An Orlando man is fighting city officials to keep his vegetable garden in his front yard.
You have to step over radishes, wax beans and kale to get to Jason Helvingston's front door in College Park.
However, his 25 x 25 foot micro-irrigated vegetable garden is against city code, and the city of Orlando has asked Helvingston to dig it up by Wednesday.
"I said, 'You'll take my house before you take my vegetable garden,'" he said. "There's nothing wrong here, there's nothing poisonous here. This is a sustainable plot of land."
City code requires ground covers to be planted in a way that gives off a finished appearance so neighborhood lawns are clean, and inviting -- keeping property values up.
Helvingston has decided not to listen to the city. Instead, he's trying to petition the code to allow for veggie gardens in the front yard.
He's gathered more than 200 signatures, including one from his neighbor, Shelly Snow.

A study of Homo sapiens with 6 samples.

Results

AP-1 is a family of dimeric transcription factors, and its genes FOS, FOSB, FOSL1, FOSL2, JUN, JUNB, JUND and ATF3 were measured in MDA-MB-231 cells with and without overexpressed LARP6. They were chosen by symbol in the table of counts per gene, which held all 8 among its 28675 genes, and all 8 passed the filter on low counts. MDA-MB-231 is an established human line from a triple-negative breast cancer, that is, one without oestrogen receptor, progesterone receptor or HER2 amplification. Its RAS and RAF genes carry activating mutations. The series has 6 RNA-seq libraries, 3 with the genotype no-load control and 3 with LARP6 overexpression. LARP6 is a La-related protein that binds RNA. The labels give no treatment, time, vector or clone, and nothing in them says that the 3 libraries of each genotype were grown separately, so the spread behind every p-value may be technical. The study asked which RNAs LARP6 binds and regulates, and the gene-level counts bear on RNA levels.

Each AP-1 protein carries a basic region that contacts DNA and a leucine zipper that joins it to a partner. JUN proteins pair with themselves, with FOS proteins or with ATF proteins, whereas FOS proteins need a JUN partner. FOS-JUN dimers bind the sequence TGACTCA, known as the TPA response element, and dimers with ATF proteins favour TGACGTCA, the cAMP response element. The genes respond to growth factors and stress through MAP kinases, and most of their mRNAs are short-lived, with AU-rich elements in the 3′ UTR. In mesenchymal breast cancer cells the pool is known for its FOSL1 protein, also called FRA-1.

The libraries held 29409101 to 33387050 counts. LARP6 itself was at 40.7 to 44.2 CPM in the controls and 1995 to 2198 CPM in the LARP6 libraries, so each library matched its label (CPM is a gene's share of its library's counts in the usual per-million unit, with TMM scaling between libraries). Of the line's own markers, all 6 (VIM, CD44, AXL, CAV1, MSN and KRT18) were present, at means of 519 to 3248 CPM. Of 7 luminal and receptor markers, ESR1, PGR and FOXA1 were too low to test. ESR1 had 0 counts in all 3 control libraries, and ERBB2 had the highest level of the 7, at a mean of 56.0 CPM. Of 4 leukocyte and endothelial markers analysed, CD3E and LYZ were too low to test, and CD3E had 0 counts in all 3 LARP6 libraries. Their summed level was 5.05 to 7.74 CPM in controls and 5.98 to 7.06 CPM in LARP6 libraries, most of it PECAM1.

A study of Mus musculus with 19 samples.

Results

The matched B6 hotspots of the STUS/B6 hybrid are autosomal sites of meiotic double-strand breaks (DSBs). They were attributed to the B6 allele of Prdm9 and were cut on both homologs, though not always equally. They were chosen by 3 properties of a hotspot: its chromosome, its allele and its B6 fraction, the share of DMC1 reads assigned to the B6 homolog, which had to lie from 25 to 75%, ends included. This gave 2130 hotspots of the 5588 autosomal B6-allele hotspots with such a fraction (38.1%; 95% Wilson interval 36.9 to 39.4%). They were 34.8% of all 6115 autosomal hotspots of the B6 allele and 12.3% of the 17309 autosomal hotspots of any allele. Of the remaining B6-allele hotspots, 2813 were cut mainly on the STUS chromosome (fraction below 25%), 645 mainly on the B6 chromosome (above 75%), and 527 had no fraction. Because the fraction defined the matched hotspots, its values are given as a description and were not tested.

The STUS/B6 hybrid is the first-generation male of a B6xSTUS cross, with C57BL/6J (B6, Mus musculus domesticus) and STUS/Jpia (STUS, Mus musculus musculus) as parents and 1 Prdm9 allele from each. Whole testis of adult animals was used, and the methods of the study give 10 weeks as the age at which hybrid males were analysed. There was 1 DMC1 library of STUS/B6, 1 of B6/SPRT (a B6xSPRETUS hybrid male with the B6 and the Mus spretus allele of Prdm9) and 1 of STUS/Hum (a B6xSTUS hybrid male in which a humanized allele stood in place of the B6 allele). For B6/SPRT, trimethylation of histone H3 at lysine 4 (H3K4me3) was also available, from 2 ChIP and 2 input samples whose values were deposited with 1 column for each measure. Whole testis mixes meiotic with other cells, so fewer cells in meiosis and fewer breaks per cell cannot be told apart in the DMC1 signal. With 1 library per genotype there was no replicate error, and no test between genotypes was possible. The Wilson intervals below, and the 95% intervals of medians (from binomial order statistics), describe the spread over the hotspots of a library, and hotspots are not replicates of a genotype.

"(I'm) definitely not bothered by it. As a matter of fact, we love it," she said.
Helvingston hopes the city will reconsider the code when he meets with a code board in December.
"This is another example of the government telling us what we can do with our own property -- that should never happen," he said. "In any economic downturn in the past history of the United States, the government has always encouraged the people to grow their own food, and so we want to continue with that movement."
Other College Park residents tell Local 6 they're worried the city may come after them about their gardens.
Greg Clifton tells Local 6 he is growing 1/4 of an acre of vegetables in his backyard.
"But I have every intention of using my front yard as a garden and I think the more I can grow the better it is," Clifton told Local 6.
Watch Local 6 News for more on this story.